Hazel Dooney

Lisa Cugnetto, Yen Magazine, February / March 2003

At first glance, Hazel Dooney's art is sleek, bold and eye-catching - as are the female images that grace her work. But they are also a metaphor for something bigger. Dooney's work has double-meaning, they are a fresh take on old sexist clichés. Her women are sexy and confident, but they are relaxed and comfortable with their sexuality. Dooney weaves together the traditionally-contrasting values of sex appeal and femininity with power and assertiveness.

It was the strength of her art that saw Dooney asked to be part of an expedition that most artists can only dream about. A venture in which multi-millionaire businessman, David Deague, with the help of his personal art consultant, Ken McGregor, invited 10 artists to stay and work in the tiny town of William Creek in the remote outback of South Australia's Lake Eyre. Deague commissioned each of the artists to produce 10 pieces inspired by their surroundings in a no-costs spared, lavish endeavour to resuscitate the dying art of landscape painting.

Dooney, who was the youngest of the group, which included the likes of Tim Storrier, John Olsen, Jason Benjamin and Jeff Makin, was also the only female. Dooney, known for her glossy, condy-coloured, pop-art images of strong and sassy women, was also the last of the 10 to be chosen.

"The whole thing was surreal, not just the landscape," she says, "It was strange to be with those artists in that circumstance. I mean John Olsen and Tim Storrier were two artists that I had studied at school. I was just flattered and scared. They were all fantastic, lovely and encouraging, and accepting that everyone has different approaches to working and there is no right or wrong approach in terms of art."

A collection of 150 pieces from the project aptly titled "William Creek and Beyond" opened in November at the Museum of Contemporary Arts in Sydney amidst controversy. There was speculation about Deague's intentions in investing nearly one million dollars into the project when it was less than seven years ago that he declared bankruptcy, owing more than $52 million to creditors. The exhibition was an extravagant and high-profile affair.

However, Dooney remains untouched by the event. "I'm not really into hype. I'm into doing my work and if it works it'll speak for itself. I'm pleased the book is out there and I was really focused on doing the work for it, but events like that don't have much meaning to me."

A refreshing and grounded attitude for a 25-year-old who is building herself an impressive resume including solo exhibitions at the Jan Murphy Gallery in Brisbane, Greenhill Gallery in Perth, a group exhibition in Tokyo and private collections around the world.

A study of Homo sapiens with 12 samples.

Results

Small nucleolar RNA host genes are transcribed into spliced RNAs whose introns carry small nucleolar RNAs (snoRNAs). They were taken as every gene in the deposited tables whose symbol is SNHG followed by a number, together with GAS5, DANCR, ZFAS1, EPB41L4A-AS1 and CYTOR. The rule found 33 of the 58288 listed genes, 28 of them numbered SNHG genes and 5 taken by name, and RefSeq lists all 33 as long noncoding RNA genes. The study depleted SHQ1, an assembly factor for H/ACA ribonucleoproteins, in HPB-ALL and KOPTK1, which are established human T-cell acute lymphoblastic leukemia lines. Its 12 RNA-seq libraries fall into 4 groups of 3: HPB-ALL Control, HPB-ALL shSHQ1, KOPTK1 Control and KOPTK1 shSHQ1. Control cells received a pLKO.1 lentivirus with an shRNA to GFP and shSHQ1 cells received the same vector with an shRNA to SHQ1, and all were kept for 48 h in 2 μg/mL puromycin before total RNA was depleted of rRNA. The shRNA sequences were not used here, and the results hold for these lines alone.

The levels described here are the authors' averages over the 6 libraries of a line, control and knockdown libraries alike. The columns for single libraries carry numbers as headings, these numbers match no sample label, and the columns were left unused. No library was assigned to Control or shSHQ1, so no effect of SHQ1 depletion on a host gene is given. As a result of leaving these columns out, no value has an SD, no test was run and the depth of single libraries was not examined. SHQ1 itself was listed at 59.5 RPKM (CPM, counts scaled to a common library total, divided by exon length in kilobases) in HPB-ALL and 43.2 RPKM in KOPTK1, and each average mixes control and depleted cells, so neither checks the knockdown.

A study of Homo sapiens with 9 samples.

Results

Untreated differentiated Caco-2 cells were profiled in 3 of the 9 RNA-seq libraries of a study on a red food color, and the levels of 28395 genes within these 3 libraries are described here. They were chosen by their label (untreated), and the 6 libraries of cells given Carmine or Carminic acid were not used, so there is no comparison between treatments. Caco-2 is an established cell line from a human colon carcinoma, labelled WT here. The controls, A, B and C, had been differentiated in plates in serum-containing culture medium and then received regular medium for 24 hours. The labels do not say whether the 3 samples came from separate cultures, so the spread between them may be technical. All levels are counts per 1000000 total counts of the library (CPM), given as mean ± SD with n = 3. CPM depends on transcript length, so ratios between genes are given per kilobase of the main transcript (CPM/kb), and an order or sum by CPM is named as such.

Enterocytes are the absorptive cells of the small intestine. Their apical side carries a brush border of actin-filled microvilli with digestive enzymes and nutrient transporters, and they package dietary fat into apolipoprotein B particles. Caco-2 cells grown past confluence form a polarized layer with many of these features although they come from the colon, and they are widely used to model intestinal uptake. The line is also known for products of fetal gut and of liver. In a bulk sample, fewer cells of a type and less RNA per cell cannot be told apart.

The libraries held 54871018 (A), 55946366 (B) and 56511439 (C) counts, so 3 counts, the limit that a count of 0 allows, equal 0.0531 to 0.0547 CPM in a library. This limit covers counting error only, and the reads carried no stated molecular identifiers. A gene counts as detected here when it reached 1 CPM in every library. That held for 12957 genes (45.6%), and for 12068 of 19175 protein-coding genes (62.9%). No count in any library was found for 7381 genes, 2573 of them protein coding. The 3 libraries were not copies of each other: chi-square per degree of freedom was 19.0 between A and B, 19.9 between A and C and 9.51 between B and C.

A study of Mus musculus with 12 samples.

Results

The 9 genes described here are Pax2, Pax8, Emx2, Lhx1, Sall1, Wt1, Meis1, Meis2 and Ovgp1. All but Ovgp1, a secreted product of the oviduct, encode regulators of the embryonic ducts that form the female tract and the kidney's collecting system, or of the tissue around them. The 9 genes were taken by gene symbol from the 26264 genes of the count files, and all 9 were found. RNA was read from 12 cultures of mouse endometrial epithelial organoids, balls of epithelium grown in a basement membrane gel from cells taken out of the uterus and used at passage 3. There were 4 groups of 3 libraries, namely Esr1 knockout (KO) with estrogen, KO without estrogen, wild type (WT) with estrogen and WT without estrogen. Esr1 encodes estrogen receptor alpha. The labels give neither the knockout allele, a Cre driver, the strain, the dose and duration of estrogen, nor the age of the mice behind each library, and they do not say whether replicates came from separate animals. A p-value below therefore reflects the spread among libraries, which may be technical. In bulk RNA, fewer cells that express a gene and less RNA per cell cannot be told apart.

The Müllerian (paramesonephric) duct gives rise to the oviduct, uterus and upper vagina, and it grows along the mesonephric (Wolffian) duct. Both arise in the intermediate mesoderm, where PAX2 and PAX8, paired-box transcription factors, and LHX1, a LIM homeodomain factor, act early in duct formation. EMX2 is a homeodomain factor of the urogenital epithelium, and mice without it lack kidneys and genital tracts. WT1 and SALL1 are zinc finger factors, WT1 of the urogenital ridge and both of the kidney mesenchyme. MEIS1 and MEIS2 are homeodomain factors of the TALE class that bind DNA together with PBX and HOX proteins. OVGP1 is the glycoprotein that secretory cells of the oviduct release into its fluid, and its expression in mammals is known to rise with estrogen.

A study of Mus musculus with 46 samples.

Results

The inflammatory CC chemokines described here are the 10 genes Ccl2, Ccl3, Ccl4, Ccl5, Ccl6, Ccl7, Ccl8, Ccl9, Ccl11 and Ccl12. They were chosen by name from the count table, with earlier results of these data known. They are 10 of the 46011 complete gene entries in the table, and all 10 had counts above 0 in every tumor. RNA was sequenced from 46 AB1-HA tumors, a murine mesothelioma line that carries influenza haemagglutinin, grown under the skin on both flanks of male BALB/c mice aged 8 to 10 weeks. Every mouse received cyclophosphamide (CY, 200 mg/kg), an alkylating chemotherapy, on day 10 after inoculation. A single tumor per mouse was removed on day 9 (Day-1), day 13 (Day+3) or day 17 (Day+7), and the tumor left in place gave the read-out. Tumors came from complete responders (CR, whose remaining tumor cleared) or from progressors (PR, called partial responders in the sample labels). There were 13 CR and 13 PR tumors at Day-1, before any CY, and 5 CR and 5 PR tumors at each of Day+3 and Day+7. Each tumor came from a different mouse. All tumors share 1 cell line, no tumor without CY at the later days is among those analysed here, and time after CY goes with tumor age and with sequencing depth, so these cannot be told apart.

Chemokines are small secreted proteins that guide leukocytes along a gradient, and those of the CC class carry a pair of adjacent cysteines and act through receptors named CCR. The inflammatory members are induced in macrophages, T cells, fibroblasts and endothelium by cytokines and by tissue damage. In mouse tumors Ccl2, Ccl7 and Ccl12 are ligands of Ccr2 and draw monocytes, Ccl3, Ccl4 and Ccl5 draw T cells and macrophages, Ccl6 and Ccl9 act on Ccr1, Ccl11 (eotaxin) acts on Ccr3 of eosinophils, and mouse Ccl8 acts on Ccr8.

Perhaps this could be attributed to her upbringing which is best described as "free". Dooney reflects back to a childhood of home-grown vegetables and home-cooked meals, endless hours spent painting and a small black and white television which was hardly watched.

"My dad always encouraged me to do everything that boys traditionally did, like motorbike riding and shooting. I was encouraged by both my parents to be an independent thinker and not to be limited by my gender," says Dooney.

When Dooney was in her mid-teens, her mother introduced her to feminist books while her father initiated her into the world of comics through his vast collections from the '70s including Vampirella; a tough, curvy, female vampire. Influences which are evident in her art today.

Dooney lists Barbara Kruger, Cindy Sherman and Allen Jones as artists who inspired her to become an artist as well as two university friends who "showed me stuff that I hadn't seen at school".

"We would meet every Friday night. One of us would research a type of art like cubism or something like that and tell the others about it. Then we would have a go at doing something in a cubist way and try and understand what it was about," explains Dooney, "After doing that for a semester I realised that art was what I really needed to do."

Dooney's process is a unique one, with her pieces looking more like glossy magazine advertisements than paintings. This result is achieved by drawing the images (based on photographs that Dooney takes of herself in different poses) and then using layer upon layer of gloss-enamel paint to achieve the seamless end result. One where brushstrokes and line marks are practically invisible and people are almost able to see their reflection mirrored in the paintings. An effect which only seems to emphasise the lusciousness of the images.

So how did Dooney manage to keep her style and still convey her ideals while painting for the project?

"It was a challenge in terms of landscape, it was pretty bare and desolate. It took me a couple of days to see the subtleties in colour and it really changed my palette. As was trying to figure out how on earth I was going to do a landscape in a way that I found interesting and engaging," explains Dooney, "So I ended up using the landscape as more of a context and a kind of metaphor to place a figure within. I can appreciate straight out landscape painting, but personally I'm not interested in that. I'm more into people and society and culture."

Now it seems that with the conclusion of the project, Dooney plans to spend some time working alone or perhaps on a smaller project with another artist.

"The most important thing to me is to continue growing within my work, to continue pushing it and developing ideas, making them better and refining how I do them," says Dooney, "I'm open in terms of what I'm going to do with my work but I just want to be in the studio for a while, I just want to get back to doing things on my own."